Horace Levy | Espeut’s aborted logic
Peter Espeut begins the statement of his position (Gleaner, June 15, 2018, 'Genuine debate about abortion') with the assertion: "The foetus in the womb of the mother has 46 chromosomes and, therefore, is a human being." He regards this as a scientific fact.
However, he overlooks or chooses to ignore what is equally to be asserted, namely, that this'human being' develops through a series of states or stages. Distinct from the mother throughout, it is first a human embryo and a human foetus before becoming a human baby.
Evidently, the notion of a series of states or stages of development is unacceptable to Peter when applied not just to the body component of the embryo and foetus (which is scientific fact), but also to the soul component.
To most people this could be a new idea. But it seems to follow from the tight-knit relationship of body and soul, matter and form (philosophically essence, not outward shape). Their respective potentials are actualised, that is, develop, in tandem. So at the earliest stages, I have argued, and many people at least implicitly hold, there is no full 'human being' with a right to life that would make its termination murder.
For Peter, though, the soul is so 'sacred', so complete from the moment of a conception (because, though contrary to the creation process, directly infused by God?), that growth is ruled out. Yet in the tripartite division of body, soul and spirit that he advances, he has spirit evolving. Why then not also the soul as spirit?
The tripartite division is popular in some church circles. It can find no support, however, in ancient or modern philosophy, or in the New Testament, according to Jesuit John McKenzie's Dictionary of the Bible (admittedly my 53-year-old edition).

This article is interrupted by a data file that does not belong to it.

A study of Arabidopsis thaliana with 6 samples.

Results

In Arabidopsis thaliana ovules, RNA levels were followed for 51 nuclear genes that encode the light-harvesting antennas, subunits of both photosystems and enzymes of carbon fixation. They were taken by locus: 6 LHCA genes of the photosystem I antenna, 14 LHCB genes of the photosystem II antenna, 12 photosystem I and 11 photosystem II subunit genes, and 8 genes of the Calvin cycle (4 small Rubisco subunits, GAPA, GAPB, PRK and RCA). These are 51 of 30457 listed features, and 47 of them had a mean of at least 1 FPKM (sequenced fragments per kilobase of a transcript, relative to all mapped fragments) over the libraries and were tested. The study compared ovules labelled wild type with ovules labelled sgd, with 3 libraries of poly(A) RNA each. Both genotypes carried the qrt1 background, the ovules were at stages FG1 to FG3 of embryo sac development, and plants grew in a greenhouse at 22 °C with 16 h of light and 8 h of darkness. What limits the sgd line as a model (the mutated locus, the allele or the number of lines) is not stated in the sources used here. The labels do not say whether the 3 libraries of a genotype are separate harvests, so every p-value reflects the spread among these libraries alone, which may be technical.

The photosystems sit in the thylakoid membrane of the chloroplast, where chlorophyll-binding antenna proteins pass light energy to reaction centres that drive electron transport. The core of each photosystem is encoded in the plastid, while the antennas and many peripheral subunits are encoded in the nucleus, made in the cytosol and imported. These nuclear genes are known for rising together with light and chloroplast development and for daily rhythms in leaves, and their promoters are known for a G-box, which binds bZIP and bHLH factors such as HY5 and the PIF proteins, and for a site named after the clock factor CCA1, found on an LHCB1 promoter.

THE TRIPARTITE SPIRIT
Tripartite spirit has no functions (love, purpose) not already possessed by the soul. Its basis appears to lie in the origin of the word as breath or wind. Really, 'spirit' is the active and dynamic aspect of what 'soul' suggests as substantial and enduring. Thus, the same New Testament Greek pneuma is variously translated as 'soul', 'spirit', 'mind', 'self', 'being', depending on context and what the authors of its several gospels and letters were trying to convey as Jesus' 'Good News'.
Peter's problem is to mistake his celebrated logic, which is useful for ordering concepts so as to lead to compelling conclusions, for the far more important insight, which grasps reality, often something not previously known. In addition, the innate conservatism of church people, rightly protective of good traditions, has regularly led them to reject knowledge advances, such as those of a Galileo or a Darwin and of many others.
Testosterone domination of the Church has grievously worsened this tendency in matters of sex, gender and procreation. Church positions are set by fear of the flood they think will follow any crack in the door. They should be trusting in the goodwill and good sense of church members, through the presence of the Holy Spirit they proclaim. In fact, most women, whose voices should dominate in this matter, decide on an abortion reluctantly. They find it distressing.
Thanks for the doctorate, Peter, but not in philosophy, where I have only a master's, but in theology (STD=Sacred Theology Doctor), except for the fact that I never met the condition of having my dissertation (or a part of it) published, which is why I've never used the title.